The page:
Sweet Nightmares


The Cancer Scare of the Month for November was a classic that first appeared on the charts in the '70s: aspartame, a.k.a. Nutrasweet. Back then, one study found that rats who were fed huge doses of the artificial sweetener developed more brain tumors than a control group. The results were never replicated, and extensive research indicated that aspartame, which the body breaks down into components that are present in many foods, is safe at the levels anyone could reasonably be expected to consume. In 1981 the Food and Drug Administration approved the use of aspartame in dry foods; aspartame-sweetened soda got the nod in 1983.

Now Dr. John Olney, a Washington University neuropathologist and longtime opponent of aspartame, is citing a 10 percent increase in the U.S. brain cancer rate between 1984 and 1985 as evidence that the FDA made a mistake. "Compared to other environmental factors, aspartame appears to be a promising candidate for explaining the surge in brain tumors in the mid-1980s," he and three colleagues wrote in the November Journal of Neuropathology and Experimental Neurology. "Although our analysis does not establish definitive proof of a causal link…it does indicate the need for a reassessment of the carcinogenic potential of this agent."

Predictably, the study led to alarming headlines and sweeps-week TV news stories, calls from consumer groups for more research, and warnings to keep aspartame away from children.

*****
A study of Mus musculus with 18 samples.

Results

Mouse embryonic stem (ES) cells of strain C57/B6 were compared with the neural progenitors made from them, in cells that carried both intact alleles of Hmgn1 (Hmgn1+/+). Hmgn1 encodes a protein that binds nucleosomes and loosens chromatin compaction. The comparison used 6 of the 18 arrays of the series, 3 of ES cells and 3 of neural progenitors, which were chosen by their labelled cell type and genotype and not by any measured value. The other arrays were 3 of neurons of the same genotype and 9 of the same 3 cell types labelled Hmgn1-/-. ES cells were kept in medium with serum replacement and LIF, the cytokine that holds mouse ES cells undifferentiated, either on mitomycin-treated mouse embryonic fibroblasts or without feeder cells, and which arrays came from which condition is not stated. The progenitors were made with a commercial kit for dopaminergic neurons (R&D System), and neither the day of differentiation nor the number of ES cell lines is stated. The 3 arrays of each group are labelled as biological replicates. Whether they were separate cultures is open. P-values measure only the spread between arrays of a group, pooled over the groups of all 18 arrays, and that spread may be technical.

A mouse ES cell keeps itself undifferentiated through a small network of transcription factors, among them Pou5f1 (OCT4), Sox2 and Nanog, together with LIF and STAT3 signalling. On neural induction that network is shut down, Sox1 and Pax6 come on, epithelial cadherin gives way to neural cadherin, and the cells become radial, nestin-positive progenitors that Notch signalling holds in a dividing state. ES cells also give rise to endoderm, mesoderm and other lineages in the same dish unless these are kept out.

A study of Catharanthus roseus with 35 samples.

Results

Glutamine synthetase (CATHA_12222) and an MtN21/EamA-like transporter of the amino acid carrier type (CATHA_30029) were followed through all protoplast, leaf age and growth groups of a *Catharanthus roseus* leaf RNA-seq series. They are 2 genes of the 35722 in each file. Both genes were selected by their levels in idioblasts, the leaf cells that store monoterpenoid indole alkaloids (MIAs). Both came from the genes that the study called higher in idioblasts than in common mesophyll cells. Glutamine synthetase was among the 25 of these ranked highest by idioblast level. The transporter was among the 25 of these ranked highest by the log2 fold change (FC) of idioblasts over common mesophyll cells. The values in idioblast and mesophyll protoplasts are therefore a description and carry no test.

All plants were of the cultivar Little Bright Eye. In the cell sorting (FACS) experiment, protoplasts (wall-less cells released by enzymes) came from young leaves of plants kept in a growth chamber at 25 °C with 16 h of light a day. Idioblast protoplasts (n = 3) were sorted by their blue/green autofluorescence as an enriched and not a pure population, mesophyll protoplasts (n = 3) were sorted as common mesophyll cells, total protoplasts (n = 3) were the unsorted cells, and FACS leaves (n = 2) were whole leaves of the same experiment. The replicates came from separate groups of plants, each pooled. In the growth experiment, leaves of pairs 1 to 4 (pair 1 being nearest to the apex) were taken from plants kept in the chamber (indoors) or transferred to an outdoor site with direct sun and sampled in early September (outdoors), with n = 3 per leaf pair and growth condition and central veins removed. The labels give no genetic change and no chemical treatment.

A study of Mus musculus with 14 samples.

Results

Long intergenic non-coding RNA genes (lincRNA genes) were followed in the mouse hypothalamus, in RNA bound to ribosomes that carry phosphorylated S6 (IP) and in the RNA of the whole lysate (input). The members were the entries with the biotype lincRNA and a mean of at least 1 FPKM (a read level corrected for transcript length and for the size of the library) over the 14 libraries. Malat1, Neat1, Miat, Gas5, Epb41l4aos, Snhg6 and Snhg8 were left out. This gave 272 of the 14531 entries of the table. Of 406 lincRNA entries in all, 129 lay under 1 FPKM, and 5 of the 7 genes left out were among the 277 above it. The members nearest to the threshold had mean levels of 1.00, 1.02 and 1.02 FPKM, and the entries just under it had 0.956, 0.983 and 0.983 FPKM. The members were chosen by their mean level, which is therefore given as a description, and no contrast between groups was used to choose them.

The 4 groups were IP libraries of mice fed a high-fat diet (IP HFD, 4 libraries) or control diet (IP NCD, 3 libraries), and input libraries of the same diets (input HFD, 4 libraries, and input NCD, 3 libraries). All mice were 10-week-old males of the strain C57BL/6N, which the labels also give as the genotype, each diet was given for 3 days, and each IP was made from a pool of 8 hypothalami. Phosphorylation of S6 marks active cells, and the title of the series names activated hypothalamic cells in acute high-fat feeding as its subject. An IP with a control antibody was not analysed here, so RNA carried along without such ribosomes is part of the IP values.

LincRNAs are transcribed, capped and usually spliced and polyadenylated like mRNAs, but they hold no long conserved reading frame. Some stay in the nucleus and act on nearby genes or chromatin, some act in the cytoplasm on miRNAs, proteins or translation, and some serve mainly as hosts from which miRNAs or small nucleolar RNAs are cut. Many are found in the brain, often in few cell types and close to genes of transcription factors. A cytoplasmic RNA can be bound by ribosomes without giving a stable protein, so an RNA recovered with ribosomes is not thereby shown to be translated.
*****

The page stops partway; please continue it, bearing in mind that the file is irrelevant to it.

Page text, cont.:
But as FDA officials and other critics of the study soon demonstrated, the cloud consists mainly of hot air. The critics noted that the incidence of brain cancer began rising in 1973, years before aspartame was approved, and the increase was due almost entirely to cases in people over 65, who are not major consumers of the sweetener. The trend leveled off after 1985, even while aspartame consumption was rising, and the rate actually dropped slightly from 1991 to 1993. Harvard epidemiologist Dimitrios Trichopoulos called Olney's argument "misleading" and "preposterous," noting that it hinges on "two biologically indefensible assumptions: that a certain factor (aspartame) could cause a solid tumor (brain cancer) with a latency period of less than four years and that subsequent widespread exposure to the factor would cause no further increase in the incidence of that cancer."